Flying into Heathrow is likely to cost passengers more from January, after the UK regulator approved a 37% hike in landing charges at the country’s busiest airport.
The Civil Aviation Authority has approved an interim rise from £22 to £30.19 a passenger. But the move has failed to appease either airlines – which have condemned the increase – or the airport, which was calling for even higher charges ranging from £32 to £43 to help recoup losses caused by the coronavirus pandemic.
Heathrow’s demands had already caused contention among the airline industry. Willie Walsh, a former chief executive of British Airway’s owner, IAG, who now leads the global airline body Iata, accused the airport of “gouging” its customers.
On Thursday, Iata expressed its “disgust” with the announcement, with Walsh claiming at the CAA had “basically ordered consumers to pay over £700m to Heathrow for nothing in return”, and that only Heathrow’s shareholders would benefit. “It’s an outrageous result, ensuring that the economic hit everyone had to take from Covid-19 never applies to them.”
He called on the UK government to intervene and “remind the CAA of its obligations” to consumers.
The levy is likely to be directly passed on to travellers, as airlines also try to shore up finances after months of travel disruption caused by Covid restrictions.
The CAA said the £30.19 fee reflected “the uncertainty of the recovery of passenger volumes at the airport from the pandemic, particularly following the emergence of new information about the omicron variant of Covid-19 since the end of the consultation period”.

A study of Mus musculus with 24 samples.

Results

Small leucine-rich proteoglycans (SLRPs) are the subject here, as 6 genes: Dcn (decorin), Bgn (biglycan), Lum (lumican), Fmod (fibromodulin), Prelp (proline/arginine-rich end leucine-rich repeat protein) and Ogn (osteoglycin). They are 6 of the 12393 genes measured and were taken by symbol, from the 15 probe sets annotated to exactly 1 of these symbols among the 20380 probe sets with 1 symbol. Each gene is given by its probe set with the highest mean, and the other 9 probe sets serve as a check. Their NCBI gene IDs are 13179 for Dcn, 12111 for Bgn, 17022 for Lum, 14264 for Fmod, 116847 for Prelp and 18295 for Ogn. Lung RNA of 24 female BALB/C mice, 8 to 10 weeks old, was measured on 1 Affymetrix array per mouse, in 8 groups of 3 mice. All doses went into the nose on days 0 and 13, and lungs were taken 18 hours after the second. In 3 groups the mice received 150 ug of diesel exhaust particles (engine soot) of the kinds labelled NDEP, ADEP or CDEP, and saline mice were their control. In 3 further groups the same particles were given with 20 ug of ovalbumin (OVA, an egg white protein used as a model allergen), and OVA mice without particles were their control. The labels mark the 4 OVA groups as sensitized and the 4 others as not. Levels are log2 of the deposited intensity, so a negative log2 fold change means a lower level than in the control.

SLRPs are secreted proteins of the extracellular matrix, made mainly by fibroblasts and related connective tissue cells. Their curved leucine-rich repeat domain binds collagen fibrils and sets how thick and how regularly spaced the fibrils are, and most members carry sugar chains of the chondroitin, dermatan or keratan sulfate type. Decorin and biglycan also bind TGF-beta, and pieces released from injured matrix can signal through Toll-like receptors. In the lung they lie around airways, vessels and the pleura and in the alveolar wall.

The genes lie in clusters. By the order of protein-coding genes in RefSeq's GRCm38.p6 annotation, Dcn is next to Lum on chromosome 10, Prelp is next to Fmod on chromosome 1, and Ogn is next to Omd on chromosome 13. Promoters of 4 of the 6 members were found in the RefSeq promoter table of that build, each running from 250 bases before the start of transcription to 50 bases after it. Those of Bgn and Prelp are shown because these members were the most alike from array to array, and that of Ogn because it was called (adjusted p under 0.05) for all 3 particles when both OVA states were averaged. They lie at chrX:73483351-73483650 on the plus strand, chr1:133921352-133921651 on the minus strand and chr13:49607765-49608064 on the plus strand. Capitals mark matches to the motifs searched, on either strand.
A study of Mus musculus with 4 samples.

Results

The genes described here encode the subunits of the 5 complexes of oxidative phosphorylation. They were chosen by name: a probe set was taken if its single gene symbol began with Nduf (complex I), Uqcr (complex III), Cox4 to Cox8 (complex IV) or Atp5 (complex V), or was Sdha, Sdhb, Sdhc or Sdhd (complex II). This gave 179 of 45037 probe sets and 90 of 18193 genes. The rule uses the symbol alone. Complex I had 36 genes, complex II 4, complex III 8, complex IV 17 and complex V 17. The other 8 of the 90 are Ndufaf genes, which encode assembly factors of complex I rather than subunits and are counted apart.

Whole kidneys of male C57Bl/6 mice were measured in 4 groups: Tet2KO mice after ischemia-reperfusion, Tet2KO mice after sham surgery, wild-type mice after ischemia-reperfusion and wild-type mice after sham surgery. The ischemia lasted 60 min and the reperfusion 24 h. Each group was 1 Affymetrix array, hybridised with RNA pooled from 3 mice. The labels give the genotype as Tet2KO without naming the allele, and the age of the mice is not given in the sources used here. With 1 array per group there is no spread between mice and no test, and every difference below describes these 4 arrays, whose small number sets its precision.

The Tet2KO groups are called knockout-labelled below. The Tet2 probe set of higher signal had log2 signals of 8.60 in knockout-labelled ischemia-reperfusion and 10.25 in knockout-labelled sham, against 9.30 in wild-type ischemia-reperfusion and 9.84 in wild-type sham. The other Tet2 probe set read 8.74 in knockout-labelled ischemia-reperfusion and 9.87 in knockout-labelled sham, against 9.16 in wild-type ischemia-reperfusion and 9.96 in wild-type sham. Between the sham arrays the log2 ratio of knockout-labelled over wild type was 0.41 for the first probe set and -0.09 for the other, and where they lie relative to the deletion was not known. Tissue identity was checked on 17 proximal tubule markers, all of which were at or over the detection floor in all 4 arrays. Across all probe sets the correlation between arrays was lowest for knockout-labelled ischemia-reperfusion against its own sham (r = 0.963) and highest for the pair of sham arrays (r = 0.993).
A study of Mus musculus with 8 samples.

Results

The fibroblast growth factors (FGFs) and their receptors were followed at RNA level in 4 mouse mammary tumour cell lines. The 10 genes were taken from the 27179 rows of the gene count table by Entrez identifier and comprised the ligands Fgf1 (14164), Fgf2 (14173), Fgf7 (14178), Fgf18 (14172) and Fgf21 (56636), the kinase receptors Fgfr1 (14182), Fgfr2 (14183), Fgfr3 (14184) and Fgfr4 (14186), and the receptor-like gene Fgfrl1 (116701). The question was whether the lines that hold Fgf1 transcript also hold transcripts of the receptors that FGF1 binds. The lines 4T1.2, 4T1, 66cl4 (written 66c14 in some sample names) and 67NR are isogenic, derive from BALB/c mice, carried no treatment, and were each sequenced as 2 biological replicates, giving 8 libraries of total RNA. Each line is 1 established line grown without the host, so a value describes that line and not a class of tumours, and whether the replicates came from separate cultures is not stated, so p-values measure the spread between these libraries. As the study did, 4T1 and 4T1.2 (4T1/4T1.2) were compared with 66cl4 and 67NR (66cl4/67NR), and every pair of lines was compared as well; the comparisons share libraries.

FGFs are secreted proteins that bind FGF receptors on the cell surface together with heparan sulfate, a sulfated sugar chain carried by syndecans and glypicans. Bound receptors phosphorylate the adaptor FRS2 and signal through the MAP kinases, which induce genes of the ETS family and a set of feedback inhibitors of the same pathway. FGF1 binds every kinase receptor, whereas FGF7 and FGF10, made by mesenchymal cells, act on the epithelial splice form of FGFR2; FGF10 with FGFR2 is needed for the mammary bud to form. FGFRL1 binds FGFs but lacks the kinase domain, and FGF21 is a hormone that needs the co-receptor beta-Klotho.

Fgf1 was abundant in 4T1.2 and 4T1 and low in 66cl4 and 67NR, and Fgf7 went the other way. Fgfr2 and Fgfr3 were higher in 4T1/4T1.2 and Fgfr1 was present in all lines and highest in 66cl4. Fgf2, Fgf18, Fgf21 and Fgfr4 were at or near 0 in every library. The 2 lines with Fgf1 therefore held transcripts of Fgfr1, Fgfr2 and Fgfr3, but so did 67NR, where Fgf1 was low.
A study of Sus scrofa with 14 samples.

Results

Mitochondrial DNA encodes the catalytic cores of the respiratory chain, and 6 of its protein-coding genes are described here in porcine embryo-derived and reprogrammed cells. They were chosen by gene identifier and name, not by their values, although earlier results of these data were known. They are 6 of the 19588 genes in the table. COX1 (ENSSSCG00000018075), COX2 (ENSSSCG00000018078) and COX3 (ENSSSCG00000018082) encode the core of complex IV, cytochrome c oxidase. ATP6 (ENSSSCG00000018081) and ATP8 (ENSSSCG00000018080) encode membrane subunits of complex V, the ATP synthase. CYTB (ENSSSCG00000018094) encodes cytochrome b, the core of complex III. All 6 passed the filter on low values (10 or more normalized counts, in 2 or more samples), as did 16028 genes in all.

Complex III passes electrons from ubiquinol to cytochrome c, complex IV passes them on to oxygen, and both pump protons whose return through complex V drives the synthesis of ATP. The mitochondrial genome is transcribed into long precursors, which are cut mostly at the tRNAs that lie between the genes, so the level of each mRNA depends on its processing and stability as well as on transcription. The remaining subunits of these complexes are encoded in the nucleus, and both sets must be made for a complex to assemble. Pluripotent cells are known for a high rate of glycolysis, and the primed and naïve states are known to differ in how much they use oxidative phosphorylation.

The increase will only apply for the first six months of 2022, with a decision on the fee that will apply for the next five years set to be come into force in the summer.
Heathrow said it was “extremely disappointed in this interim decision from the CAA”, saying the increase had relied on rushed analysis that undershot its own budget by £173m. “This is even lower than we were able to achieve in 2020, when we served half as many passengers with only one runway and two terminals operating and the benefit of a government furlough scheme,” the airport said.
“There are material and basic errors in many aspects of the CAA’s assessment. Uncorrected, this risks leaving Heathrow without sufficient cashflow to support investment in improving passenger service and resilience.” Heathrow said in July its total losses since the start of the pandemic had reached £2.9bn.
Airlines also hit out at the decision, with the chief executive of IAG, Luis Gallego, claiming the increase in landing charges would give European rivals an edge against Heathrow at a time when the UK’s economic recovery relied an ability to compete on the global stage.
Heathrow’s landing fees are already 44% more expensive than European competitions, he said, adding that 40% of passengers making connecting flights could easily do so from other European hubs.
“After the worst crisis in aviation history we need to attract demand to stay competitive. Hiking charges will have the opposite effect,” he said. “Britain will become not more competitive, but less. A cost-efficient Heathrow would benefit UK consumers, businesses and trade. Global Britain needs a global and competitive hub.”